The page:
Defense ‘undisciplined’ in Iron Bowl loss


CW / Joe Will Field

CW / Joe Will Field

CW / Joe Will Field

CW / Joe Will Field

James Benedetto | @james_benedetto, Assistant Sports Editor


In Alabama’s 48-45 loss to Auburn, the defensive performance was, in one word, the opposite of what Saban preaches: undisciplined.

“We came here with the idea that we needed to play with a lot of discipline, not get a lot of penalties, do a great job of executing and everyone doing their job on a consistent basis,” Saban said. “… People make decisions, through their discipline, that’s going to put the team first and help the team enhance the team’s chances of being successful and I don’t think we did that great.”

Alabama recorded a season-high 13 penalties for a total of 98 yards in the loss to the Tigers. These penalties came at crucial times in the game for the defense, as the unit would pin the Tiger offense into a third-and-long situation only to have a penalty allow an automatic first down.

In Auburn’s first drive of the fourth quarter, freshman linebacker Shane Lee was flagged for roughing the passer after Tiger quarterback Bo Nix completed a 2-yard pass to running back Shaun Shivers. The offense would have faced third-and-5 without the penalty, but the marker gave Auburn the first down on Alabama’s side of the field.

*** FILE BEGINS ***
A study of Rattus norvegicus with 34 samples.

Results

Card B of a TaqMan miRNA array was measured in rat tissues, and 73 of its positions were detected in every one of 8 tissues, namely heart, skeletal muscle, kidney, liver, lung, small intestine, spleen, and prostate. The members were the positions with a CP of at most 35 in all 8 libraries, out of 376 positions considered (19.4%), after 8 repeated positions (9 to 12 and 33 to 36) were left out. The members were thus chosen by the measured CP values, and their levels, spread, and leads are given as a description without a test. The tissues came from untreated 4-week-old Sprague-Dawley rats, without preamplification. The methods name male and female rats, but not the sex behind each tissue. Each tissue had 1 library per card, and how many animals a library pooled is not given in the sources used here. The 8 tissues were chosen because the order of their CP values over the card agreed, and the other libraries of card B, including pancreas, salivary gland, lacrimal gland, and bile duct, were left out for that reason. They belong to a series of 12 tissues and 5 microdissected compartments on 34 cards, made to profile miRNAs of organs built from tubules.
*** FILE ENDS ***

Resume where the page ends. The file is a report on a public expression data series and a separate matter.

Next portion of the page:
Seven plays later, Nix found Shivers again, this time in the end zone to give the Tigers a late three-point lead in the fourth quarter.

“Coach Saban has been telling us this year that the penalties, especially the undisciplined penalties, against a good team, you can’t make those penalties,” senior safety Jared Mayden said. “You can’t set yourself back against a good team that can actually stop what you’re doing. We just shot ourselves in the foot too much.”

Fellow safety, junior Xavier McKinney, added that the team has dealt with undisciplined plays and penalties “all year” and that “it shows up every time you play good teams.”

The Auburn offense tallied 354 total yards of offense against the Alabama defense, the fifth-highest total the Tigers have recorded against an SEC opponent this season.

In Auburn’s three losses this season, the offense mustered under 150 yards on the ground. Against Alabama, it totaled 181.

“We didn’t play the run very well, obviously,” Saban said. “To be honest with you, I kept asking the question, ‘Why are they splitting that run?’ Based on the defense that we called and the defense we were in, I thought we should be okay.”

Saban pointed to Nix’s rushing touchdown in the first quarter as an example of the defense’s inability to stop the Auburn rushing attack. After back-to-back rushes by running back JaTarvious Whitlow and a penalty against Alabama, the Tigers lined up with first-and-goal from the Alabama seven-yard line.

Nix faked the hand off to Whitlow, which fooled freshman defensive lineman Byron Young and freshman linebacker Christian Harris. Nix had a clear lane to the end zone and waltzed in for the score.

“Coach Saban preaches discipline, there is a number of older guys… that show discipline. Just because you are a young guy, when you come into the game we expect discipline,” Mayden said. “Young [or] old, you have to have discipline on the field.”